New research from Italy suggests that mesothelioma treatment strategies need to be a lot more flexible than they have been up until now. That’s because mesothelioma cells are themselves a lot more flexible than previously understood.
This new research makes clear just how flexible they are. Actually a better word than “flexible” might be “adaptable.” The research shows that mesothelioma cells can adapt and become harder to kill.
As a result, mesothelioma treatment specialists should plan their care strategies differently. So say the scientists behind this new research.
They suggest your doctor plan for the possibility that the type of mesothelioma cell making up your tumor today won’t be the same type a year from now.
Mesothelioma Helped by EMT-MErT Hybrid Process
The researchers report in Oncotarget that mesothelioma cells get this ability to change type from a biological process that’s a hybrid between two other processes.
The two other processes are familiar ones. They help you heal if you get a cut. But the hybrid version is not your helper. It works against you.
One of the familiar and helpful processes goes by the name EMT. That stands for epithelial-mesenchymal transition.
The other process is known as MErT, or mesenchymal-epithelial reverse transition. The EMT-MErT hybrid is a process that was pretty much unidentified until this new research came along.
The hybrid process seems to allow mesothelioma cells to dodge death by changing them from one cell type to another.
For example, say you have the epithelioid type of mesothelioma. That’s the cell type that responds best to treatment. Responsiveness is important. Responsiveness usually means you can look forward to a longer mesothelioma survival time.
If you have the epithelioid type of mesothelioma, you’ll typically survive longer than if you have the biphasic or sarcomatoid type of mesothelioma cell. Those two are less responsive to treatment. The sarcomatoid type is the least responsive of all.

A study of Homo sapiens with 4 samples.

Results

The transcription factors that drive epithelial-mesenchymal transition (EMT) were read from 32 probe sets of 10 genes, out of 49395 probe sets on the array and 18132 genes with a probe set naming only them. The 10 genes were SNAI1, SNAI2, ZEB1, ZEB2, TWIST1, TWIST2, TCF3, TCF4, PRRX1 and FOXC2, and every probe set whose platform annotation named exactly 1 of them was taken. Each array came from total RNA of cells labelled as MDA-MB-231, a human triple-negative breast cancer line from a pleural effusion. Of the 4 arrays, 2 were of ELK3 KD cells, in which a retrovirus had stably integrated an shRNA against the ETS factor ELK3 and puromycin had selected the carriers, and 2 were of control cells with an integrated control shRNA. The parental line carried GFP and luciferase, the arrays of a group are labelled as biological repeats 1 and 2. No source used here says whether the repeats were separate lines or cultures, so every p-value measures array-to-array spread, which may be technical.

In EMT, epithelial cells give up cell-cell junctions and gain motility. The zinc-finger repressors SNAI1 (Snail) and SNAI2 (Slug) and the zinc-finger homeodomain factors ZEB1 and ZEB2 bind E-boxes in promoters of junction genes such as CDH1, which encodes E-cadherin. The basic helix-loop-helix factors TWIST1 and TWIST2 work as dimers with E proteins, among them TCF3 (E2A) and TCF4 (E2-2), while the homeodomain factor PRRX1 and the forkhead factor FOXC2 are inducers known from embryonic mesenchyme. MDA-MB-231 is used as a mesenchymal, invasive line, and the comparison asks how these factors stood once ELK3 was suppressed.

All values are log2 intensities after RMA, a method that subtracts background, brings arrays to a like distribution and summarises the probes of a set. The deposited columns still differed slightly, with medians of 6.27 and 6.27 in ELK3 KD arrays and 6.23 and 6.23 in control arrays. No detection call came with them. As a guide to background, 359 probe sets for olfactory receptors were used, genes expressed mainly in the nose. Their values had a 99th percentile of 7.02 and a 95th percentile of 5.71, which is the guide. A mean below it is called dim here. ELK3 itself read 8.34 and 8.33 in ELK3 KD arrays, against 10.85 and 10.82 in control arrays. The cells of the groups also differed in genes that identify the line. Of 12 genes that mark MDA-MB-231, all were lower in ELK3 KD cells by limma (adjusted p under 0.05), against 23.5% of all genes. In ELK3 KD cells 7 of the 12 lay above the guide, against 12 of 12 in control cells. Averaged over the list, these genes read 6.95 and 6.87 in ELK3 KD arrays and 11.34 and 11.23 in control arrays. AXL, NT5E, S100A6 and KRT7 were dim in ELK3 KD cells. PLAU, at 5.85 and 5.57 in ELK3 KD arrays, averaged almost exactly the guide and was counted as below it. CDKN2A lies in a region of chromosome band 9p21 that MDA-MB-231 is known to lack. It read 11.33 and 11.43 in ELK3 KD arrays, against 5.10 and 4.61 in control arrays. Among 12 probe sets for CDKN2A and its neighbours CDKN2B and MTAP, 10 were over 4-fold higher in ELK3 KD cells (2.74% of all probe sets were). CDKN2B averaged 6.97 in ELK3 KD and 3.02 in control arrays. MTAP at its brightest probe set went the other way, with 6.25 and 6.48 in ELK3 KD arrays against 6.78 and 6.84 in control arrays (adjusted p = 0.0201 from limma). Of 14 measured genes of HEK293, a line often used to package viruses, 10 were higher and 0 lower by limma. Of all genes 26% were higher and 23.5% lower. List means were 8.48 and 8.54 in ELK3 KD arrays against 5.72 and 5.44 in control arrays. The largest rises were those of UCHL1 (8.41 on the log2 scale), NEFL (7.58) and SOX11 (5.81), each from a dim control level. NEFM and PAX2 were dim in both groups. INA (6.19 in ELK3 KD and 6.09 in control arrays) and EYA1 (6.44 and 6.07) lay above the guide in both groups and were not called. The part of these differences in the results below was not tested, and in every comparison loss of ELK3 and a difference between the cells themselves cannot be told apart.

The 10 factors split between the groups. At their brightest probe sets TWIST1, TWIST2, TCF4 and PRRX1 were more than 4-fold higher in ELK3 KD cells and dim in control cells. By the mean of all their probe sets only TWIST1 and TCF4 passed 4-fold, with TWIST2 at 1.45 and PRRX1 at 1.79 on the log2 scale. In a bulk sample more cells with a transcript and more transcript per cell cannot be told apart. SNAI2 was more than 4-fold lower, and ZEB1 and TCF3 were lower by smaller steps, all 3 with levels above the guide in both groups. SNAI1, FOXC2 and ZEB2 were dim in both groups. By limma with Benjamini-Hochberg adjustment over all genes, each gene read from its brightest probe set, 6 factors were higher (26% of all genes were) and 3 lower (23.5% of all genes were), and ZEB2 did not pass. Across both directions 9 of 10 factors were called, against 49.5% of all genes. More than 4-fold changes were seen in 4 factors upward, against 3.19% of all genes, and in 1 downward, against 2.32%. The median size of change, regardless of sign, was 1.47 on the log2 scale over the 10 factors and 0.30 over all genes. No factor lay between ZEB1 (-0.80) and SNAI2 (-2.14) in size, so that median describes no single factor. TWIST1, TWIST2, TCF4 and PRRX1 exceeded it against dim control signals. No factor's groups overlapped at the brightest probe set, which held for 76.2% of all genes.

Mesothelioma Treatment Methods Must Change If Cell Type Do
So your doctor designs a treatment strategy using the procedures and medicines that work best against the epithelioid type of mesothelioma. You’re doing great at first. But then the mesothelioma seems to be getting the upper hand.
The explanation may be that the mesothelioma cells inside you have changed to either the biphasic or sarcomatoid type.
The treatments you’ve been receiving aren’t geared to dealing with either of those two cell types. There’s less responsiveness. That will likely cut into your mesothelioma survival time.
The researchers say the answer to this is for your doctor to be aware of the possibility of cell-type change.
They also recommend doctors consider including epigenetic regulator inhibitors in their treatment plans. Epigenetic regulator inhibitors are molecules that may be able to prevent the hybrid process from working.
The researchers are from Italy’s Department of Diagnostic Pathology and Laboratory Medicine, Department of Experimental Oncology and Molecular Medicine, Department of Cancer Medicine and the Fondazione IRCCS Istituto Nazionale dei Tumori, all in the city of Milan. Also participating were researchers from the University of Trieste and CRO Aviano National Cancer Institute.
The research team tried to understand this hybrid process by studying medical records and tumor samples from 21 patients with malignant peritoneal mesothelioma.
The title of the article is: “Epithelioid Peritoneal Mesothelioma: A Hybrid Phenotype within a Mesenchymal-Epithelial/Epithelial-Mesenchymal Transition Framework.”